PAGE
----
It’s a big day in Scotland. Two hours and thirteen minutes ago the laws designed to create public places and workplaces free of environmental tobacco smoke came into force. Personally, I’m a big fan and consider this to be one of the biggest steps in public health that Scotland will see in a generation. Apart from making workplaces and public places far more pleasant, the major benefit is that people seeking employment in traditionally smoky occupations such as bar work will no longer be exposed to environmental tobacco smoke simply by virtue of their choice of work, often a choice made from necessity rather than vocation.
Signs have been starting to appear on shops and offices around the place; we were up in Oban yesterday doing that hateful thing – shopping for new shoes for PTC – and admiring the variety of signage that people were putting at their doors. There’s a problem here for the authorities to tackle, in that the law prescribes the size of notice that must be visible and what must be on it. The notice has to be a little smaller than A4 size (slightly larger than US letter size) and state that (a) the premises are no-smoking, (b) that it is an offence to smoke in them, (c) that it is an offence knowingly to permit smoking and, (d) give the identity of a person on the premises to whom complaints about smoking can be made. The Scottish Executive have sent out information packs with sample notices to the vast majority of businesses and those packs included sample notices that could be used. Interestingly, most of the signs that have been put up are smaller versions, almost as if people are shy if using the larger versions that the law requires. It will be interesting to see how the local authorities approach this issue in the wider context of enforcing the law.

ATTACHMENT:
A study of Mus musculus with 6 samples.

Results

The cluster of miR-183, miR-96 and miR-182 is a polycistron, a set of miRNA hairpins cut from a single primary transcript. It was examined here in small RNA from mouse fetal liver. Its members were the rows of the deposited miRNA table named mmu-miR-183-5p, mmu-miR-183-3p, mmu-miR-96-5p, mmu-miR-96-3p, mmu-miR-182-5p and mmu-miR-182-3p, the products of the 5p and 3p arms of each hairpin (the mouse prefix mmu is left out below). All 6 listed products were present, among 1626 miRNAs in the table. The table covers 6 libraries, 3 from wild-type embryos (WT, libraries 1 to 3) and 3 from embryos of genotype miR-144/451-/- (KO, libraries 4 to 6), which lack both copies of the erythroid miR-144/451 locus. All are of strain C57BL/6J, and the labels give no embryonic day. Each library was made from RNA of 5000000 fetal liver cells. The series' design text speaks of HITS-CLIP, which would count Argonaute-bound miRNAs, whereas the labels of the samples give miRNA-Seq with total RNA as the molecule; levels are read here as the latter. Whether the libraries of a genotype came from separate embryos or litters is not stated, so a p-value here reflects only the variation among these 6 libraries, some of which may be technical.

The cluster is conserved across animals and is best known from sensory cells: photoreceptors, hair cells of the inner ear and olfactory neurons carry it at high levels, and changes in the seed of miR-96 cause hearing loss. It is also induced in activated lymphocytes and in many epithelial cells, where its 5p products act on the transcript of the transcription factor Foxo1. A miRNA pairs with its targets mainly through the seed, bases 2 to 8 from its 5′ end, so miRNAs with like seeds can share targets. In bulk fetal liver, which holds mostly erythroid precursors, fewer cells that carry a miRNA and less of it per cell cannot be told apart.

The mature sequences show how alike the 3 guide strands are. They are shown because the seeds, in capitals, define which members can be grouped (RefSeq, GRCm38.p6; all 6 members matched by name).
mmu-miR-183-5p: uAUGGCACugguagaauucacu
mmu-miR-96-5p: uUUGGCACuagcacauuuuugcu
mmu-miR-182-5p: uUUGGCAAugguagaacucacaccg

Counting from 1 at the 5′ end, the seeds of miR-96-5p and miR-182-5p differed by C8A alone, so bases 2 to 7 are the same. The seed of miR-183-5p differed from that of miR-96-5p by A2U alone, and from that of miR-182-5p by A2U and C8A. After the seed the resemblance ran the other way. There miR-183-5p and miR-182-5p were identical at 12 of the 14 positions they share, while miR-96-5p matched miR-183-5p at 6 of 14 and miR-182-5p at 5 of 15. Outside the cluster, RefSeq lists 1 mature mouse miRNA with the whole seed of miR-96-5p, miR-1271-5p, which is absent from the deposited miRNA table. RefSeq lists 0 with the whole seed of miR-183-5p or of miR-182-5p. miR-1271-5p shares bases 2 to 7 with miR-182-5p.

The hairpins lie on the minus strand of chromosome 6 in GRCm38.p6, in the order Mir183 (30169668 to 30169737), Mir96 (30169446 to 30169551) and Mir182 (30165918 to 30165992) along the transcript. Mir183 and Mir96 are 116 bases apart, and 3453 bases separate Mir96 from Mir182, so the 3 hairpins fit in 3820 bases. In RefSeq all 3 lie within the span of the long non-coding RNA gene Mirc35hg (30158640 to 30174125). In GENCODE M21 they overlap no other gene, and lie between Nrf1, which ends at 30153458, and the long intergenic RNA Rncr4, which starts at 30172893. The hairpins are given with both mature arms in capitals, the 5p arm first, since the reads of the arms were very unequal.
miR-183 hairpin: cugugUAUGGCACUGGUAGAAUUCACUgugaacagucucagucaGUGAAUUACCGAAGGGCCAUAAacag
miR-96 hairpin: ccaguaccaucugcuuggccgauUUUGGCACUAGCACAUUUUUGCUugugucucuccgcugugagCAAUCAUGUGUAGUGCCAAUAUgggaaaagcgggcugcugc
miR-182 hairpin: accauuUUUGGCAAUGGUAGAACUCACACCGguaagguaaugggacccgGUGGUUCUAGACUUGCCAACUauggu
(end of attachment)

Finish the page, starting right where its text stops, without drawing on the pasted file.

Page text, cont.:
It is clear from the approach that Scotland has taken that this is not an anti-smoker law, rather it is a positive measure designed to create smoke-free public places and workplaces. Inevitably, the focus of attention will be at the policy’s pinch-point, which are pubs and bars and that’s where the media will be looking for the I-told-you-so sort of stories which masquerade these days as proper reportage. There will be many people – probably the most vocal – who will bang on about civil liberties and nanny-statism, but it is worth remembering that it is on exactly these grounds that the most powerful arguments were made and won in favour of the measures. After all, a policy which encourages people to smoke less, reduces exposure to environmental tobacco smoke and which could encourage thousands of people to quit has to be seen as a positive thing in terms of health outcomes and quality of life for the population of Scotland as a whole.
I mentioned earlier on that this shouldn’t be seen as an anti-smoker measure; the thrust of the law is the creation of smoke-free environments and that is reflected in the greater duties being placed on those who are employers or premises managers and actually smoking is a lesser offence in comparison.
The next few months will be interesting. My personal view is that there will be wide acceptance, even some enthusiasm, for the new measures, but there will always be a few folk out there spoiling for a scrap. Hopefully, a sensitive and good-humoured approach from the authorities will see us through the early days and all of Scotland will be proud to add smoke-free public places to welcome visitors who come for all of her other attractions.